Gerry Narvaja: the Winds Of Change
Oct 30, 2009 / By Gerry Narvaja
For very personal reasons that don’t belong in this article, I decided a few weeks ago that it’s time for me to move on. The year and a half that I worked for Pythian have been a wonderful experience, and this is article is my tribute to this great company.
The MySQL Team
Being able to work side by side with two MySQL experts like Sheeri Cabral and Augusto Bott has been a great experience. I have learned a lot, not only about MySQL, but also about what a great DBA should be like. Both of them are recognized MySQL Community members and regular speakers at the MySQL Users Conference and other events. Sheeri has been named MySQL Community Member of the Year twice in a row. Both are a guarantee of excellent service.
My Predictions For Pythian
I believe that the IT services industry will undergo a change that is continuation of the the transformation that the IT industry as a whole has been going through over the last few years: commoditization.
Very few will argue at this point that hardware and software are commodities, especially when they support a company’s infrastructure. This trend has put MySQL in the position it has today in the database arena. In this scenario, managing the IT infrastructure, whether it’s running in The Cloud, a hosting company or internally, no longer adds value to the core business. As in any economic downturn, companies reconsider their overhead and look for solutions that are more flexible and cost-effective that their in-house services. This is when they start looking into outsourcing alternatives.
This time, however, is different—they have a designated fixed budget and very specific needs. The traditional consulting model doesn’t fit this scenario since it doesn’t have the required flexibility. This is where companies like Pythian come in.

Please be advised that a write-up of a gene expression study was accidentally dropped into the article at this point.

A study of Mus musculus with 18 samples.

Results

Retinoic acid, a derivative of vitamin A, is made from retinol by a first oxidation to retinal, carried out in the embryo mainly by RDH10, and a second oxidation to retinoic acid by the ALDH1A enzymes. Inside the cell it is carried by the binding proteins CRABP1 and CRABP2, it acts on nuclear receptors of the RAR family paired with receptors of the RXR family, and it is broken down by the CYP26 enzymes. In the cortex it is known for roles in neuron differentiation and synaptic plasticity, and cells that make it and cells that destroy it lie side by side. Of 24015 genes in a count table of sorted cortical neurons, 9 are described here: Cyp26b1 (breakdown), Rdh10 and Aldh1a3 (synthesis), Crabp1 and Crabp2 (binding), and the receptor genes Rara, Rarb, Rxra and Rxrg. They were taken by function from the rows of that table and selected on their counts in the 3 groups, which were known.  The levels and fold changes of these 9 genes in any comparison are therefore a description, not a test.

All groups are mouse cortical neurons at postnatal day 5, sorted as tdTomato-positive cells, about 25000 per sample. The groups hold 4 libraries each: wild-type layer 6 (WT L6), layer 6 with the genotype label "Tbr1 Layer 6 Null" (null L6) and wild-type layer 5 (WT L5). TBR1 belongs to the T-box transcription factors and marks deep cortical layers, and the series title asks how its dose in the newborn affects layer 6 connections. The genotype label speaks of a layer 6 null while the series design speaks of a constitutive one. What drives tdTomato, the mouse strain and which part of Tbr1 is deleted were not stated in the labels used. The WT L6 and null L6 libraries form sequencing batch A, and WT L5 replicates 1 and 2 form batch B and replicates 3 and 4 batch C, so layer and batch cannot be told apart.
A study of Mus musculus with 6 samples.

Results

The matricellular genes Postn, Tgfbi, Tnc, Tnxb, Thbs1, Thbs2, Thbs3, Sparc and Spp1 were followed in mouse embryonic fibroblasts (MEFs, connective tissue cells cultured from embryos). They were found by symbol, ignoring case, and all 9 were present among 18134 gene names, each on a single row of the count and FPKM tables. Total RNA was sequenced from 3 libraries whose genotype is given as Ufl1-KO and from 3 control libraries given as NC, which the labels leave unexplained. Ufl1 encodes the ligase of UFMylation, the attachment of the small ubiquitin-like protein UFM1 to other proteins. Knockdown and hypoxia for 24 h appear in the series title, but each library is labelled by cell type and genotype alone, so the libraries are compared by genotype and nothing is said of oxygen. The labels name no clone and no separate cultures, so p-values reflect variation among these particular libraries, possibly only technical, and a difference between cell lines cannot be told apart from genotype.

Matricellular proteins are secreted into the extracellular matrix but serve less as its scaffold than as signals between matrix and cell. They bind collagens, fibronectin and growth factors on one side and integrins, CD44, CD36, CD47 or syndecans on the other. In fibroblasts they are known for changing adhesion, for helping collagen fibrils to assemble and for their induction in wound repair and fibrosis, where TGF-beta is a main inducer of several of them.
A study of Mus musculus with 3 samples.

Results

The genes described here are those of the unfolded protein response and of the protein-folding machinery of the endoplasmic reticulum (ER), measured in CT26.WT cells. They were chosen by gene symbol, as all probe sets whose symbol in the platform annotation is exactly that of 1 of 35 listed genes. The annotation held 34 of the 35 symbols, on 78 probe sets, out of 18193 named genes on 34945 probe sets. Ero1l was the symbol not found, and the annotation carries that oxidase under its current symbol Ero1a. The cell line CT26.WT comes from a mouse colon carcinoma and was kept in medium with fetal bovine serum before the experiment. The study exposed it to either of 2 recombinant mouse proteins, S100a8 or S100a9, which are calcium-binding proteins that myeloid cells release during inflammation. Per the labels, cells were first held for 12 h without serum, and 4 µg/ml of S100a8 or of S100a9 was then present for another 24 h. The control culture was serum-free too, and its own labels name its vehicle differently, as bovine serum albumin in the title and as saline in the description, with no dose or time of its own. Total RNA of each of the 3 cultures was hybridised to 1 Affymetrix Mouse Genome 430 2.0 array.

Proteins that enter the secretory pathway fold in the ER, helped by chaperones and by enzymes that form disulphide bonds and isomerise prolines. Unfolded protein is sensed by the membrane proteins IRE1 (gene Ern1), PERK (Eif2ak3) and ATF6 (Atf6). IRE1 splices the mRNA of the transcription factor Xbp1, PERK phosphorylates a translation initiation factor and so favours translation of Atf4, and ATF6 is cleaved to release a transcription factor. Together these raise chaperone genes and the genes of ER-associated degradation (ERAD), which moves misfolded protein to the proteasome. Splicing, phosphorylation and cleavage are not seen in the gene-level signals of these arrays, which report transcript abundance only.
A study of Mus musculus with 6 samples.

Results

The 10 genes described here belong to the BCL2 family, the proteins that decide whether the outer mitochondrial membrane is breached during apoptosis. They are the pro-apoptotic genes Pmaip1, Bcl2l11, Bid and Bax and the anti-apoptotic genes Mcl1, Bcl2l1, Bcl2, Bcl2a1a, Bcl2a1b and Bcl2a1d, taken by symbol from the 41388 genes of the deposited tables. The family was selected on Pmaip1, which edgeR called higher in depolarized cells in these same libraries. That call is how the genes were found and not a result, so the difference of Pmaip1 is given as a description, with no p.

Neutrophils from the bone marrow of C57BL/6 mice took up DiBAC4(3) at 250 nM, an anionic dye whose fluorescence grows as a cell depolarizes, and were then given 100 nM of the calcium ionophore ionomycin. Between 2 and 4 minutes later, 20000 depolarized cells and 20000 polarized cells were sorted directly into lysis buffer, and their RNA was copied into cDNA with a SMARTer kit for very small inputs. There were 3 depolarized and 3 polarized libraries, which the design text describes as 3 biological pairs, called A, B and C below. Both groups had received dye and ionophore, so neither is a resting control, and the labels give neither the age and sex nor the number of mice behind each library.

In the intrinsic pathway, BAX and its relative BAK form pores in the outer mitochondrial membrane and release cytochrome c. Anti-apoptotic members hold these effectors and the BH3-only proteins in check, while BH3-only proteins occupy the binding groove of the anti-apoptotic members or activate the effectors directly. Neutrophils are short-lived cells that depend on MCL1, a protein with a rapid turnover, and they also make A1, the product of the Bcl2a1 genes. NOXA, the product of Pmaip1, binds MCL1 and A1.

Pythian’s business model and practices allows the clients to control their budgets while keeping a healthy infrastructure, and concentrating on the tasks that add real value to their business. Under the direction of Andrew Waitman, CEO, and Paul Vallée, Pythian’s founder, the company is in a an excellent position to satisfy the new market needs.
I will continue participating as actively as I can in the MySQL Community and continue with the development of sar-mysql. My blogs will move to a new home, but will be a continuation of the of the articles I have been writing here (without Dave Edwards cleaning up my English though); and they will also be syndicated in Planet MySQL. I will do my best to keep an eye on the articles I posted in the Pythian blog to keep answering any new comments that may be posted there. If you have the patience to deal with my non-technical tweets, feel free to follow me through Twitter: @seattlegaucho.
I will see you around!
P.S. to the MySQL DBAs in the wild: This might be a good opportunity to polish your résumé and submit it to Pythian. Who knows, you may end up working for a company on the rise, side-by-side with some of the best MySQL DBAs in the market.